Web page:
WRITER DONNA HARAWAY is exasperated with the limits of criticism. She is frustrated that our most sophisticated thinkers and critics expend their energy developing more and more nuanced ways of describing the seemingly hopeless societal and ecological binds in which we find ourselves. The challenge, according to Haraway, is to apply the force of our thought to proposing creative and inclusive solutions to these problems.1
We are indebted to The Mothership Project – a collective of parenting artists based in Ire- land, founded in 2013 – for stretching to meet a provocation like this with energy and action. In May, The Mothership Project launched their report, Satellite Findings, in which 145 parenting artists responded to a range of questions about their professional lives while parenting. Of the respondents, 92% were mothers, with 80% feeling that parental responsibilities were having a negative impact on their arts practice.
Professor Eileen Drew (Director of Trinity Centre for Gender Equality and Leadership at Trinity College Dublin) contributes an import- ant essay to this report, in which she highlights broader societal realities around parenting in Ireland. In Dublin, the average cost of full-time childcare is currently €1,047 per month for each child, while the average salary is approximately €3,800 per month. The survey outlines how parenting artists have responded to these financial pressures by undertaking this caregiving themselves. The snapshot captured by this survey describes how this task is largely being undertaken by mothers, with 42% of those surveyed spending 10 hours or less a week working on their artistic practice. What emerges through the survey is the harsh impact upon artists who parent, as well as the frustration being felt at this broad correlation of parenting with a ‘silencing’ of one’s professional life. As one respondent states: “the unwritten rule for being a successful artist is ‘don’t have kids’”.
The Mothership Project is explicit in its aims: it seeks “societal and institutional change” to make space for the voices of parenting artists. Drew’s essay sketches out practical solutions to some of these pressures, while being mindful that these changes can only find traction through political support. She identifies a few areas of progressive and achievable change, noting that while parental leave in Ireland is generous in terms of duration, it is underpaid; she cites Nordic models, which means-test childcare costs.
Some of the recommendations emerging from Satellite Findings include the suggestion that arts organisations do more to check who might be excluded from engaging with their programmes, due to a range of factors, including practical ones, such as the time of day at which activities occur – art openings typically happen at children’s tea time or bed time. There is also a call to child-proof professional offers such as residencies. Has enough lead-in time been given to parenting artists to either organise childcare, or perhaps provide family-friendly supports within these offers? Are funding bodies genuinely supporting parenting artists by accepting budgets which include childcare costs within them?
There are multiple quotes in the report from parenting artists who describe, in negative terms, their understanding of their sector’s perception of them as a parenting artist: “you weren’t taken seriously as an artist if you were a mother too”. In a sense this issue of perception is the most insidious current running through the report. It indicates a type of embarrassment at not being able to unhook oneself from lived experience; it implies that ‘real life’ experiences – like caring – are too inappropriately personal to call into visibility within a professionalised art world. Surely one of the beautiful potentials of the art space is that it can hold within it the true messiness of life – that we can bring our biographies with us? That the unruly and awkward can be held, in the belief that these qualities contain within them the potential to generate new forms and, in so doing, enrich our creative spaces.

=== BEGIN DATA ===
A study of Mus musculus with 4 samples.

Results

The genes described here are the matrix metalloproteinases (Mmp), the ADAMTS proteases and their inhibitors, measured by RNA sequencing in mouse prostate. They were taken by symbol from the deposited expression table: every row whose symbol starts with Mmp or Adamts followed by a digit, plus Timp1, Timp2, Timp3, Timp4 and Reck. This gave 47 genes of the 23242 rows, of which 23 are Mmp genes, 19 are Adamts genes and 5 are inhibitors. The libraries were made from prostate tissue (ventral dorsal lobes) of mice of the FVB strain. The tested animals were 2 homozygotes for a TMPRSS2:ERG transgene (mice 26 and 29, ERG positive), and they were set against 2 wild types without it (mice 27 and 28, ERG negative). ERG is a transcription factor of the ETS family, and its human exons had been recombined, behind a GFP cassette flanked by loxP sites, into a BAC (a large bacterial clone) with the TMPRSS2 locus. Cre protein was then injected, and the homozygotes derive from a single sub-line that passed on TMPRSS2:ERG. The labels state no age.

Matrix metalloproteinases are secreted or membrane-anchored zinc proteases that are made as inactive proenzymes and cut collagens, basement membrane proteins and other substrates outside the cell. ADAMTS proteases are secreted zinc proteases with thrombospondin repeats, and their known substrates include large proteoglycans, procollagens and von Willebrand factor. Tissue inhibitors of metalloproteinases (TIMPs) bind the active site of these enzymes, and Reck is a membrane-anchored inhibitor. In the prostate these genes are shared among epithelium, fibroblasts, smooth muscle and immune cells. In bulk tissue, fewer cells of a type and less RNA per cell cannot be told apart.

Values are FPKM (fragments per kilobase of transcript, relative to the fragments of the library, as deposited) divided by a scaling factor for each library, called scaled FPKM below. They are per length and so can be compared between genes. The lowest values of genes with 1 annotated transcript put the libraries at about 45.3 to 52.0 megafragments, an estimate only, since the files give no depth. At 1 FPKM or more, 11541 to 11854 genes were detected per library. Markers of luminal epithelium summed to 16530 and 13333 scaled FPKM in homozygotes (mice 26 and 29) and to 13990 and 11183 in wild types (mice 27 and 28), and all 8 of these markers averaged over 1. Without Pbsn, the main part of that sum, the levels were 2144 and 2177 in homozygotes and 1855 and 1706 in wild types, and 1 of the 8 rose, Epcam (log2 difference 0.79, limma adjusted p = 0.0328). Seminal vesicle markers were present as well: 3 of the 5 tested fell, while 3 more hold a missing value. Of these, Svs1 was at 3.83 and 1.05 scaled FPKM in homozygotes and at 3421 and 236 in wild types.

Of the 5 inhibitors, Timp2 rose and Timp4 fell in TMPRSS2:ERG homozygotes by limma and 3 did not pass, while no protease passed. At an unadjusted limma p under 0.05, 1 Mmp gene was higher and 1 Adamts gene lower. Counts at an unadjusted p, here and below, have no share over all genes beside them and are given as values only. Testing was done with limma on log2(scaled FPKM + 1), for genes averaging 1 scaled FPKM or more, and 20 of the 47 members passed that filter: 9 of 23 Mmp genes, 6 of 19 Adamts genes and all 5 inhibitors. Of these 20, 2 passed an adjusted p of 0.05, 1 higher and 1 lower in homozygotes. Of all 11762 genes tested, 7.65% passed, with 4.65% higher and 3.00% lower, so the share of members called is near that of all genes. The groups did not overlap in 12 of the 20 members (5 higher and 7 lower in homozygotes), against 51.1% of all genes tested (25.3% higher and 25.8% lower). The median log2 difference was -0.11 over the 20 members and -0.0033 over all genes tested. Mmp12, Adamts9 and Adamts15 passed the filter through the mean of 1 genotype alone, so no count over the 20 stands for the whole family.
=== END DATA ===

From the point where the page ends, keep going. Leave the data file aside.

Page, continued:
I remember an evening last November at the Cow House Studios, where I was lucky enough to be taking part in ‘Satellite Residency’, organised by The Mothership Project.2 There was wildness in the air. We were giddy, knowing that we were part of a new shape taking form and we were drinking in the excitement that this created. I was arranging images at the kitchen table, while having a conversation with Alla about women-friendly workwear. Ruth was operating a power tool in a shed across the courtyard, while Ruby and Linda were sketching out their studio rhythms to each other. Food was being prepared in an adjoining space and between all of these activities, our children were being minded. Our children, part of this project, were feeding it and being fed by it. I remember pausing for a moment and enjoying the unashamed eccentricity of the scene: thinking (hoping) that the support structures which had formed around us, through this residency, could somehow become part of the future for parenting artists in Ireland.
Sarah Lincoln is an artist living in West Waterford.
1 Donna Haraway in the documentary lm, Donna Haraway: Storytelling for earthly survival (2016), directed by Fabrizio Terranova.
2 ‘Satellite Residency’ was a pilot residency for 15 parenting artists at Cow House Studios, Wexford, which was rolled-out over Autumn / Winter 2018. The residency included the payment of a small stipend. Accommodation, childcare and meals were provided onsite. The artists taking part in the residency were: Dorota Borowa, Stephen Dunne, Niamh Davis, Sarah Lincoln, Ruth Lyons, Ciara McMahon, Susan Montgomery, Celina Muldoon, Niamh O’Doherty, Sally O’Dowd, James O’hAodha, Una Quigley, Linda Quinlan, Ruby Wallis and Kate Warner.
This article was first Published in the July-August 2019 edition of Visual Artists News Sheet.
Link to the original printed version.